A few days ago I published a story about the relationship between the Said family and Martin Buber based on an account offered by Uri Davis and a caption for an image of Buber’s home on a Flickr account, both of which repeated the false information that the home at 3 Hovevey Zion had belonged both to the Said family and to Martin Buber. Prof. Joseph Agassi, husband of Martin Buber’s granddaughter, Judith Buber Agassi, has set me straight.
Martin Buber did live in an apartment in the home of Boutrous Said at 10 Brenner Street in Jerusalem from 1938-1942. On its return from Egypt and at the end of apartment lease, the family sought to reclaim the apartment. There was a legal dispute and Buber was forced to leave. He moved to the Dajani home in Talbiyeh in 1942 and lived there until 1947. During mounting hostilities, the Jerusalem Anglican Bishop insisted on taking Buber and his wife away from the “flying bullets.” They moved to a pension on Ibn Ezra Street in Rehavia. After the war, they purchased the home at 3 Hovevey Zion after Buber determined that the previous owner had “returned to Turkey.” They lived there for the remainder of their lives.
My apology for the errors I’ve repeated. Others apparently have their own ideological, political axes to grind.
I’m glad to report that Buber appears to have acted righteously and that other sources seem to have ulterior motives in spreading stories that aren’t accurate. I should also note that Edward Said spoke quite favorably of the politics of Martin Buber and the Brit Shalom movement he helped found:
“During the inter-war period, a small but important group of Jewish thinkers (Judah Magnes, Buber, Arendt and others) argued and agitated for a binational state. The logic of Zionism naturally overwhelmed their efforts, but the idea is alive today here and there among Jewish and Arab individuals frustrated with the evident insufficiencies and depredations of the present. The essence of that vision is coexistence and sharing in ways that require an innovative, daring and theoretical willingness to get beyond the arid stalemate of assertion and rejection. Once the initial acknowledgment of the other as an equal is made, I believe the way forward becomes not only possible but attractive.”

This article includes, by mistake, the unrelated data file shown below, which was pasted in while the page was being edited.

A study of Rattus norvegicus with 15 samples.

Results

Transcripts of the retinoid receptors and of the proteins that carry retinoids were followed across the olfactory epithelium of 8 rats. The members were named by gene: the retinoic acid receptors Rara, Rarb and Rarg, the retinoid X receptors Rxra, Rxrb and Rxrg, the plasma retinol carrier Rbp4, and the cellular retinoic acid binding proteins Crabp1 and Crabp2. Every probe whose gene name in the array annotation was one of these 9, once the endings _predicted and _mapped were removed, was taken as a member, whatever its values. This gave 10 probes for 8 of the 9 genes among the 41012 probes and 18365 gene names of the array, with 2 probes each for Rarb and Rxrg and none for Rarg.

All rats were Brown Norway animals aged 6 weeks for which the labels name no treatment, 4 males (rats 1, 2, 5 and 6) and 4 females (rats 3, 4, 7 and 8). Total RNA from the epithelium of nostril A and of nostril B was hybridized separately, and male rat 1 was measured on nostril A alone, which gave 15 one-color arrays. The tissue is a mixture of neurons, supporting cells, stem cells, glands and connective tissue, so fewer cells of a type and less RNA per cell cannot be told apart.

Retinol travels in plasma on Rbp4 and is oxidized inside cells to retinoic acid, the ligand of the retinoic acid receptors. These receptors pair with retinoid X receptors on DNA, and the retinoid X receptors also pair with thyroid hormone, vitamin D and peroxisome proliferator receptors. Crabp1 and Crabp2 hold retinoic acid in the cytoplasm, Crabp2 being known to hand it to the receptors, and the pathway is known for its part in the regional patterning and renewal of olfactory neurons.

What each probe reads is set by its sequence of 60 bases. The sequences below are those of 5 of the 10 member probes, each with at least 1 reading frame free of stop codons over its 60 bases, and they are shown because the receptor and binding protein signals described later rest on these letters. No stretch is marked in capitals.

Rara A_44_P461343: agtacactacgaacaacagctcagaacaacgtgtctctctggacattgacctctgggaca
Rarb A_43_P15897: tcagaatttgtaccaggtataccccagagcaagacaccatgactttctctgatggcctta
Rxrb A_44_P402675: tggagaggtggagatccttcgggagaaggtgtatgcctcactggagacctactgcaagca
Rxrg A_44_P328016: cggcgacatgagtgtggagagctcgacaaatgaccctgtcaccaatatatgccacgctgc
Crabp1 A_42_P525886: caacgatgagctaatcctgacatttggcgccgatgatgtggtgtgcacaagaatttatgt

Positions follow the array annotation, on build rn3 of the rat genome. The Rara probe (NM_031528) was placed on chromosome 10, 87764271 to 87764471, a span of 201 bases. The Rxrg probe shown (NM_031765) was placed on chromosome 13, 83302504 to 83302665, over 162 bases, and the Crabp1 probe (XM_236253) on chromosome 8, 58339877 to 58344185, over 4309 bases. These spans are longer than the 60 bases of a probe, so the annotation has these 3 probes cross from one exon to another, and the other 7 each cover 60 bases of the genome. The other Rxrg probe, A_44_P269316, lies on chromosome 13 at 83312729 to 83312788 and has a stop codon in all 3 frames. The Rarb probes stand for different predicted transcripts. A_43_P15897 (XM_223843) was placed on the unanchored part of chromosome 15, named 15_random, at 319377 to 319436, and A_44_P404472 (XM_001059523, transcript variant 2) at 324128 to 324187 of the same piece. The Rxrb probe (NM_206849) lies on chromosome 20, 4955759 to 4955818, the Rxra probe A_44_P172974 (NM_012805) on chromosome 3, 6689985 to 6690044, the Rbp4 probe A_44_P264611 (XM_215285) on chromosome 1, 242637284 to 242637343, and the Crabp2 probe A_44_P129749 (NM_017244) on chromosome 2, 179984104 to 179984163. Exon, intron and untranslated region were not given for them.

I also have to report a depressing historical irony: Prof. Buber’s home at 3 Hovevey Zion is now owned by Michael Steinhardt, the chief funder of the Birthright program, a devout Jewish neocon and pro-Israel apologist. I could hardly think of a more depressing decline in the intellectual and moral value of the historical occupants of this property than this one.
I do have a historical question for any readers with further information: if anyone has any information on the owner who preceded the Bubers at Hovevey Zion, I’d be very interested to know who they were and something of their history before and after they lived in the home. If anyone has pictures of the Bubers and the Brenner Street house that they can share I’d be grateful.
Saree Makdisi, whose mother lived in the Said family home at 10 Brenner Street, informs me that Menachem Begin “gave” it to the International Christian Embassy in the 1980s. He understands (and I haven’t been able to confirm this) the original home was torn down, which would explain why this picture differs from the other one displayed here. It is indeed yet another cruel irony that the Said’s were dispossessed and the Israeli leader responsible for the other even more violent acts of dispossession like the Deir Yassin massacre, “gifted” its home to Christian Zionists who’ve become handmaidens of the Israeli nationalist enterprise.
Thanks to Ran Greenstein, readers of this blog, and Prof. Agassi for help in unraveling the particulars of the story.